It Seems to Me
By Steve Dabrowski
A friend tells a childhood story about feeling so ignored by her family one day that she threatened to turn a table into a toilet.
Although I wasn’t there to witness this, I’ll wager she got everyone’s attention. I’ll also wager that many of us reading this can understand such an outburst. So much is happening in the world that just doesn’t make sense, and it causes us to feel invisible, mute and unimportant. Wouldn’t it be great to be able to shout something that would cause others to hear and value us?
I have recently been blessed to find a new primary care physician. My former medical provider is a nice guy, but I never felt listened to. It was common for the doctor to be more than 20 minutes late for an appointment, rush into the exam room, race through a conversation, then write a prescription and tell me to come back in six months. I never really felt he understood what I wanted—to be as healthy as possible while taking the fewest number of medications. Following a recent event where my medical needs were overlooked, I realized the doctor-patient relationship was too important to spend any more time with someone who didn’t listen to me.
An acquaintance of mine is a well-known doctor in Evansville, so I decided to email him to see if he might suggest someone to replace my former doctor. To my surprise, he offered to add me to his already full practice, and I gladly accepted. I’m not mentioning his name here because his practice is extremely full, but I really want to give him the credit he deserves. A week and half later, I saw him for my first appointment; it was a night-and-day contrast.
One comment sums up my new doctor, “Steve, tell me the history of your asthma: I find that someone’s story often tells me more than anything I will uncover in an examination.” We spent the next hour talking about my asthma – just my asthma. No detail was left unmentioned. “Okay, here’s what I think we should try. I want you to do the following; then let’s get together in six weeks to follow up.” When I got to my car, I texted my wife, “I think I’ve found the doctor I’ve been looking for in Evansville.” Our follow-up visit was exactly the same, and I left his office enthused and hopeful about the care I had received – and I have no reason to expect it won’t continue. It was exhilarating.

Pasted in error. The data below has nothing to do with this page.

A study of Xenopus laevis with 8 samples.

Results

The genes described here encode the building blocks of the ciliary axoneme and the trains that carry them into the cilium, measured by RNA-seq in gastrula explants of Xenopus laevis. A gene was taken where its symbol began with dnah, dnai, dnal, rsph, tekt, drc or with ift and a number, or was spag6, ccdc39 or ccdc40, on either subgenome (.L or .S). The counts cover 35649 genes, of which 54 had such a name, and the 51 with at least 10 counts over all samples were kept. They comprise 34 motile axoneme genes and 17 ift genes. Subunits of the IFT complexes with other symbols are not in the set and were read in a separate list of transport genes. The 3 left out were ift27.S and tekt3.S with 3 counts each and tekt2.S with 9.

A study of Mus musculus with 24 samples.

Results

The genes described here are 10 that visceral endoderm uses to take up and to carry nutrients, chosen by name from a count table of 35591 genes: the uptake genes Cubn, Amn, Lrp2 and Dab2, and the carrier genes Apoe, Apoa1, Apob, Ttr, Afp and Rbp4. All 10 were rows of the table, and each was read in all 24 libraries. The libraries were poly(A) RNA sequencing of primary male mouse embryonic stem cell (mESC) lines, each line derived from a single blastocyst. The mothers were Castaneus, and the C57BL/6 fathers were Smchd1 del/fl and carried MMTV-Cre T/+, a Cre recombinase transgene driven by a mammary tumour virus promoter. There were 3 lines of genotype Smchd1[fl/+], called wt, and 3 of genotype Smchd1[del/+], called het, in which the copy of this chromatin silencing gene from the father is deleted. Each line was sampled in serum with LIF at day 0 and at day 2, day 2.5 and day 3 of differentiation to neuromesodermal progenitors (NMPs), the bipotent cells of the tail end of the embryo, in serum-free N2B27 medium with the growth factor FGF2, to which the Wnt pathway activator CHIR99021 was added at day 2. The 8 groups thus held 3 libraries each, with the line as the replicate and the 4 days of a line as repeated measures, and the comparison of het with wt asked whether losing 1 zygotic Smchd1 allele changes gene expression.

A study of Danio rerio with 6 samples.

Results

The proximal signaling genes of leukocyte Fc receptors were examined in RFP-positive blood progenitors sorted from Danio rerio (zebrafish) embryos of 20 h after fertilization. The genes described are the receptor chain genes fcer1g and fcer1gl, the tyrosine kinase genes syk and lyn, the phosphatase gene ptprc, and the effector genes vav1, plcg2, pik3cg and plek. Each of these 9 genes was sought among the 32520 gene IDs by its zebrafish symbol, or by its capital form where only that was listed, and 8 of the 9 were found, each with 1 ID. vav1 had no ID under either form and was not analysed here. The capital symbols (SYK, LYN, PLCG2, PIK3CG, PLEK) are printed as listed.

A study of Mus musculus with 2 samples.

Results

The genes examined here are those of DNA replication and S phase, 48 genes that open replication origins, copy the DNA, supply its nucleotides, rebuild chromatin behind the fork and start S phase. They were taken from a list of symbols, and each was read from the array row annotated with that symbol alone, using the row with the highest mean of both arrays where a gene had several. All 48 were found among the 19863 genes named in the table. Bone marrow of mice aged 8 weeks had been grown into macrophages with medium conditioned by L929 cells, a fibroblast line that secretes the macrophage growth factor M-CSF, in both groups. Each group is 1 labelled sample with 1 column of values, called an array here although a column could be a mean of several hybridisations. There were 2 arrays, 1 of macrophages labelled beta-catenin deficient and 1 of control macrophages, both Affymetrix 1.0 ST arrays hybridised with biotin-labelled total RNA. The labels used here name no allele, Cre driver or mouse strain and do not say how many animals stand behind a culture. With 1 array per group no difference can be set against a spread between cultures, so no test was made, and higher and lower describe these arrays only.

When was the last time you felt listened to? I don’t mean just heard, but understood? It isn’t a common experience today, is it? And yet, when we find those rare few who really care and who try compassionately to understand what we’re saying, the result is healing, cleansing, invigorating.
It seems to me that is the story of Lent: God understands us so well that He listens to every word that forms in our head. Knowing our pain, our suffering and our sense of hopelessness, He breaks into our world in a way that even the deaf can hear: “I know everything about your life, even the things you hide away from me; I know your history, I understand you. I love you, and I want to help you through this life.” I know I sometimes overlook the fact that God gets nothing from the Passion of His Son, it is all for us.
We still have just under half of Lent before us – plenty of time to speak to God, trusting that He not only hears us, but He listens to us, He understands us just as we are. We don’t need to coerce God with threats of bold behavior. He has already drawn near to us, as Scripture reminds us, closer than the very air we breathe. God’s nearness, His understanding, is healing, cleansing, invigorating. In these final 14 days of Lent, let’s cry out to the God who died to show us we are known, loved, and listened to.